Simple Project

Simple Project Plan Template

Manage your team’s time, budget, and resources, to kick off project goals.

About the Simple Project Plan Template

The strongest project plans seek input and aim for understanding with team members or clients who contribute to or sign off on output. 

Keep reading to learn more about simple project plans.

What is a simple project plan

A project plan should help your team answer the big questions about why the project needs to happen. The document should answer:

  • What are we doing?

  • Why are we doing it?

  • How will we make it happen?

  • When will we act on each step of the process?

  • How long will each of these steps take?

When to use a simple project plan

A project manager or lead can start a simple project plan. The plan can be adapted to suit internal team projects or external client partner projects. 

You can collect data and information needed for your project plan by:

  • Meeting with your client or project sponsor. Take detailed notes, and set expectations as early as possible. Encourage them to share and learn from their product knowledge. Discuss timelines and other factors that may cause delays in final delivery. Establish best communication methods for the project, and how often you’ll check in with each other.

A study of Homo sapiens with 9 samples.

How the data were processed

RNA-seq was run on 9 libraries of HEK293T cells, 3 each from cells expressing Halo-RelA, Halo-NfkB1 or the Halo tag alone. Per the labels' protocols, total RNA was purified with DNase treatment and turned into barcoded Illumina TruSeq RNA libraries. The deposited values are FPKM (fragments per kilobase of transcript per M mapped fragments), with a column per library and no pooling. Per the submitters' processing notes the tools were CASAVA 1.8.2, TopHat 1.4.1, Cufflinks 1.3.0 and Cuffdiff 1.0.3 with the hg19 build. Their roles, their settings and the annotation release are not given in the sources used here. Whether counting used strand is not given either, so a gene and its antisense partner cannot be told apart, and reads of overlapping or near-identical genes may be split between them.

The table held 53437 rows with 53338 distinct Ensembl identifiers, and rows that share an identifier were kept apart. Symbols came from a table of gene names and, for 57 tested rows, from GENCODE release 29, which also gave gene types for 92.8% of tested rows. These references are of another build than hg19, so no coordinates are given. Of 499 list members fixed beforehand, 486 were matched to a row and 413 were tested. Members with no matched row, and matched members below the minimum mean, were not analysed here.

• Assembling your team or department inside your organization. Find out who has the right skills for each project phase, and invite them on board. 

  • Asking for your team’s input. Each team member can offer valuable feedback that can help you adjust deliverables, budget estimates, and timeline. A project plan is also a living document. As the project evolves, so will its execution. 

Create your own simple project plan

Making your own simple project plans is easy. Miro’s whiteboard tool is the perfect canvas to create and share them. Get started by selecting the Simple Project Plan Template, then take the following steps to make one of your own.

  1. Decide what success looks like. Whether you’re working on an internal or external project, it’s important to define what a project’s success or failure means. Don’t just think about the outcome (for example, client approval of deliverables), but also consider the process (including the hours worked to produce the outcome, as well as the number of people involved, plus their contributions).

  2. Set team goals. After you define clear, specific, time-bound goals, you can prioritize them and align your team so everyone can focus on what’s important. 

  3. Assign responsibilities to everyone involved. At every phase of the project, your team should know what they are accountable for. Think about how each team member can meaningfully contribute to the end goal, and consider their availability and workload. 

  4. Define your deliverables. Define the output as early as possible, to set expectations. These deliverables should be detailed and match up with project goals. 

  5. Create your timeline. Although projects don’t always go as planned, visual representations such as timelines allow the team to consider the scope of tasks, different project phases, priority level, duration of each task, and team members responsible for each task’s success. 

  6. Organize a kick-off meeting. This is an opportunity for the project to inspire the team. If everyone on your team takes responsibility and stays accountable, it’s easier to keep the bigger picture in focus, and accomplish your goals.

Simple Project Plan Template

Get started with this template right now.